Die Katze trinkt ihre Milch
Ich verstehe das nicht! The cat drinks it's milk????
What's with the "ihre" in the above sentence? I'm looking up possessive pronouns and "ihre" isn't "seine" or "sein". In fact, "ihre" is only indicated for "theirs" as far as genitive pronouns go.
What am I missing here?
"ihre" is a genitive pronoun. It can be in the plural (theirs), but it can also be the female form of "sein/seine" (so third person singular).
Since "Katze" is feminine, it's "the cat drinks its milk" - "die Katze trinkt ihre Milch." Alternatively, "Kater" (tomcat/male cat) would yield a sentence like "the tomcat drinks its milk" - "der Kater trinkt seine Milch", since "Kater" is masculine.
So "seine Milch" is the same thing as "ihre Milch" in terms of this female cat's possession?
(it's tomcat, btw.)
Just to be clear, here is the whole family: mein, dein, sein, ihr (her), unser, euer. ihr (their), Ihr(with capital means your)
(Whoops) No, you can only ever use "ihre" to refer to the word "Katze", since "Katze" is a feminine noun. If you have, say, "Die Katze trinkt seine Milch", "seine" would refer to someone else, but not the cat ("the cat drinks his milk").
Okay, I think this is getting clearer for me, though the explanations for German pronouns from online sources are really, really bad on this count.
You have these 3rd person singular possessive pronouns (sien, siene, ihr) which can be used with any other needed case ending. Is that right? How does "ihn" fit into all this? Is it not used for possession by a masculine noun, like Hunde?
So, what you are saying is in the above sentence, "ihr" will mean "her own" Milch, whereas "seine" would mean the Milch of some other feminine person or object. Have I got this right?
Having only studied Latin and Romance languages before, these German pronoun, article and adjective endings are kicking my butt. I'd love to know and easy way around them so I don't give up in frustration.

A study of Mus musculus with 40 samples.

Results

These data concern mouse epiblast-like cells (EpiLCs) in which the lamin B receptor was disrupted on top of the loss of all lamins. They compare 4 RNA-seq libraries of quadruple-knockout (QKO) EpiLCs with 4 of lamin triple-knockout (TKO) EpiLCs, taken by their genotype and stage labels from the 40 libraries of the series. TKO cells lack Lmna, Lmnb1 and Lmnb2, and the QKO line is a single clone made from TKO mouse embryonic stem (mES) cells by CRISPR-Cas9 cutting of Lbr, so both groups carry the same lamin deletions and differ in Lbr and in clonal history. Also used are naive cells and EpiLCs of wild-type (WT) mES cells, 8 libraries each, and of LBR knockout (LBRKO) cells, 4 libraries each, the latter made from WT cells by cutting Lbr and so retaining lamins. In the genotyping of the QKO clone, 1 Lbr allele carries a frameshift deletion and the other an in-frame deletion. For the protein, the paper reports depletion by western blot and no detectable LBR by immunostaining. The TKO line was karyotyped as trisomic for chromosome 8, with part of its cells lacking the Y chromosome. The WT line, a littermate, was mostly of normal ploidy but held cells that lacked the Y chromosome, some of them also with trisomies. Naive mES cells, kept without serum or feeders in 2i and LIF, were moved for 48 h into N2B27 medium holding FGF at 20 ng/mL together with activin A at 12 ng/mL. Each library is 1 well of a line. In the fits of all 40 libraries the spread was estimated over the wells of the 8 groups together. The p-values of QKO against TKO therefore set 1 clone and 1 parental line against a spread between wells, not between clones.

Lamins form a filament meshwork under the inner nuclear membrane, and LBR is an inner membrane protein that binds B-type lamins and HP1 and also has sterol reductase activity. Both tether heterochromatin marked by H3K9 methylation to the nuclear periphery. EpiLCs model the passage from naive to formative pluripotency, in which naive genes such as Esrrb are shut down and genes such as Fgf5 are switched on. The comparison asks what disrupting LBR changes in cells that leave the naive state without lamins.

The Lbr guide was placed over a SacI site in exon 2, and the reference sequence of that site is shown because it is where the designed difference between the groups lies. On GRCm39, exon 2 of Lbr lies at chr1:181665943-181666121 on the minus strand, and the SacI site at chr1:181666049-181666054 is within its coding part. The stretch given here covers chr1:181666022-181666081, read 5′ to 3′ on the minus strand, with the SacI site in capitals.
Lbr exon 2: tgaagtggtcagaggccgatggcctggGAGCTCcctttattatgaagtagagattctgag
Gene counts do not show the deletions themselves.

Seine Milch is the milk of a masculine animal or person. The possessive pronoun firstly refers to the owner and secondly in the ending to the case and gender of the object/person "owned" Ich habe meine Sorgen, Antwort: Deine Sorgen möchte ich haben. Er holt sein Gepäck und sie bittet ihn, auch ihr Gepäck mitzunehmen. Er + sein (case Akk., gender neutr.) Sie + ihr (case Akk. gender neutr.).
"ihn" is a different pronoun. It is a personal pronoun like he<>him. English has only two forms, German normally uses three: Nominativ (subj.) er; Dativ (e.g indirect object) ihm; Akkusativ (e.g. direct object) inn. Er ruft seine Frau. Sie gibt ihm Antwort. Sie liebt ihn.
@bel99: The first choice you have to make is 'Which pronoun to use?' This is determined by the owner of the thing you're talking about: 'mein', If I own sth., 'dein', if you (singl.) own sth., 'sein', if he owns sth., 'ihr', if she owns sth., 'sein' if it owns sth., 'unser' if we own sth., 'euer' if you (plural) own sth. and 'ihr' if they own sth. In the next step, these pronouns have to be declined according to case and gender, number of the thing/things being owned. Not all of the forms you obtain in this way are different. This might be an additional source of confusion. http://www.canoo.net/services/OnlineGrammar/InflectionRules/FRegeln-P/Pron-Poss3.html
@bel99, I'm afraid there won't be a way around just dully learning them from tables. What can be especially confusing about German is that the same pronouns can mean multiple things.
"sein" or "seine" always refers to a masculine or neuter owner, and "ihre" to either a feminine owner in the singular or multiple owners in the third person plural. But you also additionally have to accord the pronoun with the gender of the owned object that follows. So you have to 1) pick either "sein" or "ihr" based on the (grammatical) gender of the owner and 2) accord that pronoun with the gender of the owned object.
Maybe this overview will help you. Note that all of these are in the nominative:
My cat - meine Katze (fem)
My tomcat - mein Kater (masc)
Your cat (casual singular) - deine Katze
Your tomcat (casual singular) - dein Kater
His/its cat - seine Katze
His/its tomcat - sein Kater
Her cat - ihre Katze
Her tomcat - ihr Kater
Our cats - unsere Katzen
Our tomcats - unsere Kater
Your cats (casual plural) - eure Katzen
Your tomcats (casual plural) - eure Kater
Your cats (polite singular and plural) - Ihre Katzen (note the capital I)
Your tomcats - Ihre Kater
Their cats - ihre Katzen
Their tomcats - ihre Kater
Sorry for the formatting, I don't know where I went wrong ;-;
@bel99. Wataya's link is good. Just take it one step at a time. Do not try to understand and learn it in one go.
@fleur: I'm tempted to say you're last post is a bit.... tomboyish.... ;-)
Thanks so much fleur, I think I'm getting the hang of it at least as far as Doulingo exercises go. Doubt I'll ever master them in any other context though. It would be helpful if Doulingo included detailed charts in its tips section so I wouldn't be misled by all the incorrect charts out there.